A Week In Books: The appliance of science

Our Midsummer night's frenzy began at 12, as bookshops flung open their doors (and tills) to sell Harry Potter and the Order of the Phoenix. We have under our belts three centuries of Enlightenment, scientific reason, and creeping secularisation. At the end of all that, magical yarns about a pocket warlock unite the British in breathless expectation. Did Newton and Darwin think and toil in vain?

Complaints about the Potter cult seem as otiose as passing judgment on the wind or tide. It, like them, will shift or fade. In the meantime, this week we devote three pages to some of the most attractive new work in popular science. Next Wednesday, the Aventis Prize will honour the year's highest achievements in the genre. The Aventis runs parallel competitions for adult and young readers' titles. So it would be pleasing if a few of the kids who will besiege bookstores for Harry this weekend could also leave with a work from the junior shortlist.

Even grown-up Pottermaniacs should take a look at the adult Aventis selection. Because there is, I suspect, a not-so-occult affinity between the way that pop-sci books and supernatural fables operate. Both, after all, start with the big, baffling questions about origins and destinies, and seek to answer them with stories that at once entrance and explain. Both exploit our lingering need for narratives of wonder and surprise. The canniest science writers know how to turn a craving for magical tales to logical ends.

Two Aventis contenders leap into the distant reaches of astrophysics, where mathematics mutates into something like mysticism. Robert Kirshner's The Extravagant Universe (Princeton) advances the fledgling science of the "dark energy" that invisibly propels our cosmos. Stephen Webb's Where is Everybody? (Copernicus) revisits the conundrum of extraterrestrial life, and the reluctance of aliens to show up in the flesh (or goo, or pulses, or pixels ... ). Meanwhile, Steven Pinker's The Blank Slate (Penguin) probes all our anxieties about the clash between genetic legacy and the freedom to choose and change - a favourite Rowling topic.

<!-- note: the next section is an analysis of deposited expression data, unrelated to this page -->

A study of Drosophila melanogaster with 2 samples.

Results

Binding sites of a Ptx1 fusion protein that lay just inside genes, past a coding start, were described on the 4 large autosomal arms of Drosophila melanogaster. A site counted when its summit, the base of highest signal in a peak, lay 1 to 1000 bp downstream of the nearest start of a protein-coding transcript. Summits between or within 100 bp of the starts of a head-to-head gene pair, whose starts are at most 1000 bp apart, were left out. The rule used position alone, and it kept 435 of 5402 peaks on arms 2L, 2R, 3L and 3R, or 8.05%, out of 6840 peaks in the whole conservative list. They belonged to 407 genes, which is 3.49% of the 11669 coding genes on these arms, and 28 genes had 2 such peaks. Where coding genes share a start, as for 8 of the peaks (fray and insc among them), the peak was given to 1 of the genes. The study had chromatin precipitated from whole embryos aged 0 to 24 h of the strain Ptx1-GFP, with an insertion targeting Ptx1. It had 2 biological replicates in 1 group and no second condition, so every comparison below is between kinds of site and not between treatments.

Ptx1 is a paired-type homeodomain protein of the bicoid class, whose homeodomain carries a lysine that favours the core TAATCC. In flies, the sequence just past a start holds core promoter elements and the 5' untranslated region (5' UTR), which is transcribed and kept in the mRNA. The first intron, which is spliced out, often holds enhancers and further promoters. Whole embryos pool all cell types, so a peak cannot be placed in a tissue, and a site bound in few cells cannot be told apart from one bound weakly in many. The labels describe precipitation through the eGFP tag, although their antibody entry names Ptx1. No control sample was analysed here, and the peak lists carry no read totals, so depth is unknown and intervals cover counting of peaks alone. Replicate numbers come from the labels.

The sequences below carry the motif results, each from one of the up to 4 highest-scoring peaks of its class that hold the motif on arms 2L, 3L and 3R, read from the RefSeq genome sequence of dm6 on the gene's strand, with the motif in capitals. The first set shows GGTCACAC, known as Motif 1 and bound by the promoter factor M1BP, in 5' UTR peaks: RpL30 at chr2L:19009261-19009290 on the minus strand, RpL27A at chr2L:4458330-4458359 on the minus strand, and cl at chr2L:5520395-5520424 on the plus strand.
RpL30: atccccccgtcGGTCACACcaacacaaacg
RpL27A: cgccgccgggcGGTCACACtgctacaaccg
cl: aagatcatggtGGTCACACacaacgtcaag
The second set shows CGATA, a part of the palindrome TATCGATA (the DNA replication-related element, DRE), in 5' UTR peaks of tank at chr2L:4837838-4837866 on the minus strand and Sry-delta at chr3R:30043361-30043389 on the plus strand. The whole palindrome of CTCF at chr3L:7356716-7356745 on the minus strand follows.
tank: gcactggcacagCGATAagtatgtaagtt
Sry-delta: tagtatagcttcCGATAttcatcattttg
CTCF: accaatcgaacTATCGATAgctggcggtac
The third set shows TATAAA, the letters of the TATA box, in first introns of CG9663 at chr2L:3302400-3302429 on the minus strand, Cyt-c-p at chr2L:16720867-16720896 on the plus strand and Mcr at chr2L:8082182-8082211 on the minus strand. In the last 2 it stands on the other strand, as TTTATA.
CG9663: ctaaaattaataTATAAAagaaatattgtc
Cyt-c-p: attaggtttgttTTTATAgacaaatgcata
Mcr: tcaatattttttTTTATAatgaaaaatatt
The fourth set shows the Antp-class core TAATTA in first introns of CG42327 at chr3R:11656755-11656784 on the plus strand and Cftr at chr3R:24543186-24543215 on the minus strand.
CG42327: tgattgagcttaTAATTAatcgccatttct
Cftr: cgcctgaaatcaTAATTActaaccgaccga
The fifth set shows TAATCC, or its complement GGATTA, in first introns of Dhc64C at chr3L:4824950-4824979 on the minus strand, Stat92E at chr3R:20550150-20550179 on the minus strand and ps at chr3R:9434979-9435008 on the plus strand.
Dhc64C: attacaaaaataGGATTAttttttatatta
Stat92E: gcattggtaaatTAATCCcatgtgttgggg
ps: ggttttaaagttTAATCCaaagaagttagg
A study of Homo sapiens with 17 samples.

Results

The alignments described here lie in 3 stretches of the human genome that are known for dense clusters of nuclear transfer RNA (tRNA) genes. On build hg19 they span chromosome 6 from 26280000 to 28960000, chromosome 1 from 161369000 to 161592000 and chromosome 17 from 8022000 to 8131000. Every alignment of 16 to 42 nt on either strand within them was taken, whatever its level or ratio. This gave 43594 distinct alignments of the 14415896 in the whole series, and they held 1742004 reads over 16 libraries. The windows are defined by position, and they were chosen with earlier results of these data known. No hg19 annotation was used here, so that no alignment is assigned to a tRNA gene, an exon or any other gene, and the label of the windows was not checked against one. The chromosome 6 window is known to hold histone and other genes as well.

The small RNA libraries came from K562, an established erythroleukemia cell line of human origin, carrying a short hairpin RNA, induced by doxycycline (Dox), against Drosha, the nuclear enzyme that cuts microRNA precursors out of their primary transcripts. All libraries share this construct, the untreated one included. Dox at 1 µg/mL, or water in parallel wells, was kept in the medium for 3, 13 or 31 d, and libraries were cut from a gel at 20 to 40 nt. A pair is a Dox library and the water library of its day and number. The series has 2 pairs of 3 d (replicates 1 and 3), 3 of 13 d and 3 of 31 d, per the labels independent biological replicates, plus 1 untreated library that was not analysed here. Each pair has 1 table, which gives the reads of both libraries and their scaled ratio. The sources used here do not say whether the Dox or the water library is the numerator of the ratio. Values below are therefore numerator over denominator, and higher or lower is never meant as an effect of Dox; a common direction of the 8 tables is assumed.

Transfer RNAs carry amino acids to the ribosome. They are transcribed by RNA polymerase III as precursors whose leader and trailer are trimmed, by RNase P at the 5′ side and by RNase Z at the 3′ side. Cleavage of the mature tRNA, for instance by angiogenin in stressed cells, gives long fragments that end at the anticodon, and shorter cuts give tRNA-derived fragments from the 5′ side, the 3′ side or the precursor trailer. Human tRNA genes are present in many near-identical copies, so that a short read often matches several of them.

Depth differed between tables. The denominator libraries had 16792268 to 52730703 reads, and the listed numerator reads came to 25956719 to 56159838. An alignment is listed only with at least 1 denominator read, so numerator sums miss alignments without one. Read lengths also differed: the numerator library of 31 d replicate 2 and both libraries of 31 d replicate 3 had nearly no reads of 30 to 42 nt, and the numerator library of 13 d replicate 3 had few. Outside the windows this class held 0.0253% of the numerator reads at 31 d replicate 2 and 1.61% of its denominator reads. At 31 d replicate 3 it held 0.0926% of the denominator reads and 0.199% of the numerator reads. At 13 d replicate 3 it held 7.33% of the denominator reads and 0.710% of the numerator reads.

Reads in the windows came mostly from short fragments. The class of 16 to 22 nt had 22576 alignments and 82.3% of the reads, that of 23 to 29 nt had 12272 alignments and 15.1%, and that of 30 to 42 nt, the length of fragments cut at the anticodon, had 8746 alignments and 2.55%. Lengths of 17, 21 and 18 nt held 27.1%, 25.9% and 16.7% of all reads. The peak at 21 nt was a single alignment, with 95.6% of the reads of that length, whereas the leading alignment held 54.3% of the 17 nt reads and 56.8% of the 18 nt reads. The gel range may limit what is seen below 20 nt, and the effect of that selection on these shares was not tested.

It's another Aventis shortlistee, however, that comes nearest to the narrative domain of fairy-tale and fantasy. Mark Buchanan's Small World: uncovering nature's hidden networks (Phoenix paperback; £7.99) aims to fuse our ingrained alertness to coincidence and connection with the new science of networks and complexity. Here, maths really does mate with magic. Buchanan beguiles us with fresh theories to explain our "small world" instinct for the links that can make sense of huge, intricate systems, in society and nature. Stanley Milgram's famous notion of a maximum "six degrees of separation" between people turns out to boast a mathematical basis. Buchanan also shows that tiny causes, once networked, may lead to vast effects - as in the seemingly magical idea of the "tipping point". Patterns of coincidence - the trigger for so much superstitious belief - emerge as no coincidence at all.

Like so much pop science rooted in an all-powerful Big Idea, Small World depends on a one-size-fits-all model of reasoning. This can infuriate with its glibness as much as it appeals with its fluency. The Big Idea works, literally, like a charm: it opens every door and dispels every obstacle. As a result, you wouldn't want to trust Buchanan on politics or economics, any more than you would the arguments of Professors Snape or McGonagall. Modern science may offer an antidote to magical storytelling. But strong science writing still rests, remarkably often, on its old, dark arts.